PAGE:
So, when I moved to Wheaton, I loved how my neighbors reached out and welcomed me.
They created a four-page (four page!) long list of things, including…
In Our Humble Opinion
Welcome to Wheaton, Stetzers!
I know you are going to find it to be a wonderful community to live in BUT it can be a little daunting at first. I moved into the brick house across the street from you when I was 12. Now we have lived in the cream house next door to that house for 23 years. I guess we like it here…
Thought I would share some tips from the 40+ years I have lived in Wheaton. Thus titled – In Our Humble Opinion.
- Best Pizza for Deep Dish – Lou Malnati’s in Carol Stream – in a strip mall that faces Geneva Road to the west of Main Street (*at Geneva Road, Main Street Wheaton turns into Schmale Road) (Gino’s is walk to downtown Wheaton and so a good option but not my fav)
- Best Pizza to Share – Bricks on Front Street in downtown Wheaton (near Starbucks)
- Best Pizza Delivery – Papa Johns on President in Wheaton. Nothing fancy just good in a pinch.
- Best Starbucks – Corner of Geneva Road and Main Street because it is a Drive Thru. Downtown Starbucks is TINY and always crowded…
Photo by WaywardShinobi
You know how certain things in life are tell-tale signs something is wrong? For example, when your car’s bouncing down the road and the tires are wearing unevenly…it’s a tell-tale sign that your car’s wheels need to be aligned . Or when your thermostat is set on 72 but it’s 82 in the house and the air conditioner is blowing hot air. Or how about when your debit card is declined the morning after your paycheck is deposited?
Did you know there are tell-tale signs that your small group system is broken?
4 Tell-Tale Signs Your Small Group System is Broken:
Your total number of groups is remaining the same year after year.
Your total number of groups is remaining the same year after year. If your total number of groups isn’t growing, it’s a tell-tale sign something is broken. Even if your church’s attendance is flatlined, a growing total number of groups is an indication of a healthy small group system.
A flatlined total number of groups may indicate a number of issues:
- You are simply adding new members to existing groups (instead of focusing on launching new groups).
- As existing group leaders move away or “take a break” you’re finding a replacement (instead of letting the group die).
- You haven’t taught your group leaders to “fish for new members” themselves (and they’re relying on you to send them replacements.
Recruiting and hiring a new team member can be exciting! Hire the right person and the whole team benefits. When you invite the right person to join your team not only is there an infusion of new talent, but also new ideas, fresh eyes, and a new well of experiences to go to. The right new hire can literally improve the performance of the entire team. On the other hand, hire the wrong person and the ministry at your church could be set back for years. Here are 5 principles to keep in mind when it’s time to make the next hire at your church.
1. Don’t Advertise Outside of your Church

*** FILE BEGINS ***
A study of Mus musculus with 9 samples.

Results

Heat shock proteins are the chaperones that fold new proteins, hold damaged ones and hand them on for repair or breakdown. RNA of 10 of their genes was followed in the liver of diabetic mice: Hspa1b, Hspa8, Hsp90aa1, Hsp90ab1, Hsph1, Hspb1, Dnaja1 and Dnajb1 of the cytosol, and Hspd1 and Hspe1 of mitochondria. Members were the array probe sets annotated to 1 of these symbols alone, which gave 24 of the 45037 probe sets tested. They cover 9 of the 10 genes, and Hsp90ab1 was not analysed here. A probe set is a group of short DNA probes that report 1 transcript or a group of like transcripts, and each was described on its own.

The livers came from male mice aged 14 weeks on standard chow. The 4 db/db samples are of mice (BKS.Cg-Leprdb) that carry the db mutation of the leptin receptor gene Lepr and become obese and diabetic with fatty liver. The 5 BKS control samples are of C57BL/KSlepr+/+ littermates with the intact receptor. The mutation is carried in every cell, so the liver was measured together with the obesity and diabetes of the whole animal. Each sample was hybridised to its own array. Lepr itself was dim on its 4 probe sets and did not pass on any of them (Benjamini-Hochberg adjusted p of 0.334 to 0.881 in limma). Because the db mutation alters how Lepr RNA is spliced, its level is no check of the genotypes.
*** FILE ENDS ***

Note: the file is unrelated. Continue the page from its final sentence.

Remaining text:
If you like what’s going on at your church the best way to keep it going on is to hire from the inside. So don’t bother advertising outside your church, develop and hire internal talent.
2. Think Talent First
Instead of hiring to a job profile, hire for talent. Stop sharing a job description and looking for someone to fill a role and just starting scouting for talent…like all the time. Just get the right talent in the room, figure out the roles later.
3. Reinvent the Role
Each time you make a new hire you have the opportunity to reinvent the role. Rethink the scope of responsibility, the profile of what the right team member looks like that role, and for that matter rethink the structure of the team. With each new hire there is great opportunity for organizational change, don’t miss it!
I start this post with a caveat: I believe in the historical understanding of Church Growth, marked by evangelism that necessarily resulted in disciples in the local church. I affirm, for example, the words of church growth writers Donald McGavran and Win Arn from the 1970s: “. . . we deceive ourselves if we believe that a person who has made a decision for Christ, who has prayed, ‘I accept Jesus Christ into my life,’ has truly become a disciple. We must make sure that he or she really follows Christ, really lives as a disciple. . . . We do well to use the more biblical concept of disciple and to evaluate our effectiveness in that context.”
On the other hand, I also think it’s wise to be aware of these cautions about church growth:
- It’s possible to grow a crowd, but not a church. A group of people who gather on Sunday are not automatically a New Testament church – even if the word “church” is in their name.
- Growth is not necessarily a sign of God’s blessing. A crowd might increase even when the gospel is not preached. Higher numbers might be the product of God’s work, but they’re not a guarantee.
- Growth resulting only from transferring members can be deceptive. Of course, transferring one’s membership to another congregation is exactly the right move in some cases. Churches that grow only through that means, though, are often lulled to sleep evangelistically.
- Even when the church is growing, evangelism without discipleship is not fully biblical church growth. Making disciples (Matt. 28:18-20) includes not only reaching non-believers, but also equipping believers to carry out the work of the gospel (Eph. 4:11-12).